Study commissioned by Geoplace projects net benefits at up to £200 million by 2020
Local government could gain net benefits of around £86 million from better use of the address and street data that councils create and maintain, growing to £202 million in the next four years, according to a newly published study.
The results were announced at the annual conference of Geoplace, a public sector limited liability partnership between the Local Government Association and Ordnance Survey, which commissioned the research.
It examined the costs and the benefits of local authority address and street data, with input from the Local Government Association and Socitm.
“The potential for large savings – a 4:1 return on investment – is impressive. It’s the kind of number you can defend and that your senior management would be interested in,” said Andy Coote, director of ConsultingWhere, which carried out the research.
According to the study, the benefits to local authorities of better use of the data stem from a number of areas, including; reduced data duplication and integration; improved tax revenues; channel shift; and route optimisation in waste management.
The study also points to barriers to adoption, including lack of funds and other resources, software limitations and “a lack of time to look up from the coalface and to do something with the data”, said Coote.
He told conference delegates that to attain the benefits it would be vital to increase access to staff resources, take a more strategic approach and for managers to learn to quickly articulate the benefits to chief executives and chief finance officers.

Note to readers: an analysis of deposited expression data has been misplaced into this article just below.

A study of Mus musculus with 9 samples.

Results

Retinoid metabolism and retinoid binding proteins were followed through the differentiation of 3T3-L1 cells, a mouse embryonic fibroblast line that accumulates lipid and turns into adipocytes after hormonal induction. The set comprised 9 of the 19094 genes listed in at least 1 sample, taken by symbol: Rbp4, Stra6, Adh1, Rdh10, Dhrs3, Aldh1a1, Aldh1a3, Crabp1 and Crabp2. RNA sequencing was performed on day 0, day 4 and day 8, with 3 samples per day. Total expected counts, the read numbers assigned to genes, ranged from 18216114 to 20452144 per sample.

Coote also said greater collaboration with national organisations such as Geoplace, public sector IT assocation Socitm and innovation charity Nesta could realise the cost benefits. He urged local government to consider EU funding initiatives – citing the examploe of Southend-on-Sea Borough Council deploying 14,500 Light Controsmart street lighting units with EU funding to save energy – and to share best practice and case studies.
“The benefits have been realised and they’re substantial – we don’t want to throw them away," he said. "The danger is that with a lack of investment, quality descends. We need to identify and spread awareness in the local authority community."
Coote highlighted the Department for Communities and Local Government (DCLG) Local Digital programme's Local Waste Management Data Standards as an examplar ripe for replication.
Further recommendations included: creating a sustained marketing campaign based on the results of the study; maintaining current staff levels; "speaking the language" of the chief executive by avoiding acronyms and jargon; and piggybacking on to existing national initiatives such as the DCLG’s Troubled Families programme.
Coote also pointed delegates towards Geoplace’s report published earlier this month, ‘Everything happens somewhere,’ which outlines local government achievements in making efficiency savings through the better use of street and address data.
The study is the first to investigate the economic value of street and address data since 2006, when a report was launched on the financial return of investment from the Local Land and Property Gazetteer by the Centre for Economics and Business Research.
Geoplace creates and maintains the National Address Gazetteer infrastructure and the National Street Gazetteer for England and Wales.